A new technology that allows wireless signals to be sent and received simultaneously on a single channel has been developed by Stanford
researchers. Their research could help build faster, more efficient communication networks, at least doubling the speed of existing networks.
Radio traffic can flow in only one direction at a time on a specific frequency, hence the frequent use of "over" by pilots and air traffic controllers, walkie-talkie users and emergency personnel as they take turns speaking.
But now, Stanford researchers have developed the first wireless radios that can send and receive signals at the same time.
This immediately makes them twice as fast as existing technology, and with further tweaking will likely lead to even faster and more efficient networks in the future.
"Textbooks say you can't do it," said Philip Levis, assistant professor of computer science and of electrical engineering. "The new system completely reworks our assumptions about how wireless networks can be designed," he said.
Cell phone networks allow users to talk and listen simultaneously, but they use a work-around that is expensive and requires careful planning, making the technique less feasible for other wireless networks, including Wi-Fi.
A trio of electrical engineering graduate students began working on a new approach when they came up with a seemingly simple idea. What if radios could do the same thing our brains do when we listen and talk simultaneously: screen out the sound of our own voice?
In most wireless networks, each device has to take turns speaking or listening. "It's like two people shouting messages to each other at the same time," said Levis. "If both people are shouting at the same time, neither of them will hear the other."
It took the students several months to figure out how to build the new radio. Their main roadblock to two-way simultaneous conversation was this: Incoming signals are overwhelmed by the radio's own transmissions, making it impossible to talk and listen at the same time.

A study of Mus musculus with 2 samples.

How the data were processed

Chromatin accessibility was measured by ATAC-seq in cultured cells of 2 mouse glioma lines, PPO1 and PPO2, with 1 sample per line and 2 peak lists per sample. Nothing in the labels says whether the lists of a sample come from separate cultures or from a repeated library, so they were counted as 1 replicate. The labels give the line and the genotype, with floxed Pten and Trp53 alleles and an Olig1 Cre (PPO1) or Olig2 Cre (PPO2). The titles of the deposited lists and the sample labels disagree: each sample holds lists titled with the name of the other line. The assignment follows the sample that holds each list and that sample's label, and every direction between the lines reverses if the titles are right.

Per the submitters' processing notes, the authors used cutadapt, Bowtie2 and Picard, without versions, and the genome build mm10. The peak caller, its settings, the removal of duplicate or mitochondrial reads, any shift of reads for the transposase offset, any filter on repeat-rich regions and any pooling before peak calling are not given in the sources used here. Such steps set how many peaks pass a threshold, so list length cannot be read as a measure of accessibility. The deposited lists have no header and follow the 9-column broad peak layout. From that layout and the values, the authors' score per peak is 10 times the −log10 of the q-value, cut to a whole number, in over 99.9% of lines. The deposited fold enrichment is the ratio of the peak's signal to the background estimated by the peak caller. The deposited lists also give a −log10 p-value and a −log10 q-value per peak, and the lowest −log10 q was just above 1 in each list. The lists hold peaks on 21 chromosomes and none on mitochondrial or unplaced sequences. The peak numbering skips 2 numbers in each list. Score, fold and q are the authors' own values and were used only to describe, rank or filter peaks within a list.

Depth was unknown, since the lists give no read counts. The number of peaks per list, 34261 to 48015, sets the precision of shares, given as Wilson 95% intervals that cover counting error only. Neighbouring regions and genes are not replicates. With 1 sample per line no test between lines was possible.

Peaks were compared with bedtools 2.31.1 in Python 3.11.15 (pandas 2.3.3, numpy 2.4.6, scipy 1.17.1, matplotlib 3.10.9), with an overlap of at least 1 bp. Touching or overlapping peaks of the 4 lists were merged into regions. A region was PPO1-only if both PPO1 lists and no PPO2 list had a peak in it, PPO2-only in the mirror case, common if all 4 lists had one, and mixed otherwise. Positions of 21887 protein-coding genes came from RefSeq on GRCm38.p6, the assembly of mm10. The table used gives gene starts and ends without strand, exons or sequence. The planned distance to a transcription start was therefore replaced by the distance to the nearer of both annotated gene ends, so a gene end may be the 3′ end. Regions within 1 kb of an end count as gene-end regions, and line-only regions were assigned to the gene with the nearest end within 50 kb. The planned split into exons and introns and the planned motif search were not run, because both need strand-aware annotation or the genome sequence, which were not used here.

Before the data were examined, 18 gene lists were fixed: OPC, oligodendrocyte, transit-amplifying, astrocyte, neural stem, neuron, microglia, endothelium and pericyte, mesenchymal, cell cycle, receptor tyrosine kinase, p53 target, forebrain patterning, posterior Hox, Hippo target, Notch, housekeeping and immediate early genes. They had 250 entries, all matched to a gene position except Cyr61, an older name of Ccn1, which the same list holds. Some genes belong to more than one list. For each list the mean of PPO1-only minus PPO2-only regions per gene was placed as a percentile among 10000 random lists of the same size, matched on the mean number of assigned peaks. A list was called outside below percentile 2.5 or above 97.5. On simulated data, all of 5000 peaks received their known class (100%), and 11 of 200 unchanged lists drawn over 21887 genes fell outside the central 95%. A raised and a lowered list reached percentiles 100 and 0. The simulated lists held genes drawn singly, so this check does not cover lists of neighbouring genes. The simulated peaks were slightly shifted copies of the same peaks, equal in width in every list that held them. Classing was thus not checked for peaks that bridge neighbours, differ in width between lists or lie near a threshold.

"When a radio is transmitting, its own transmission is millions, billions of times stronger than anything else it might hear [from another radio]," Levis said. "It's trying to hear a whisper while you yourself are shouting."
But, the researchers realized, if a radio receiver could filter out the signal from its own transmitter, weak incoming signals could be heard. "You can make it so you don't hear your own shout and you can hear someone else's whisper," Levis said.
Their setup takes advantage of the fact that each radio knows exactly what it's transmitting, and hence what its receiver should filter out. The process is analogous to noise-canceling headphones.
The most obvious effect of sending and receiving signals simultaneously is that it instantly doubles the amount of information you can send, Levis said. That means much-improved home and office networks that are faster and less congested.
But Levis also sees the technology having larger impacts, such as overcoming a major problem with air traffic control communications. With current systems, if two aircraft try to call the control tower at the same time on the same frequency, neither will get through. Levis says these blocked transmissions have caused aircraft collisions, which the new system would help prevent.
The group has a provisional patent on the technology and is working to commercialize it. They are currently trying to increase both the strength of the transmissions and the distances over which they work. These improvements are necessary before the technology is practical for use in Wi-Fi networks.
But even more promising are the system's implications for future networks. Once hardware and software are built to take advantage of simultaneous two-way transmission, "there's no predicting the scope of the results," Levis said.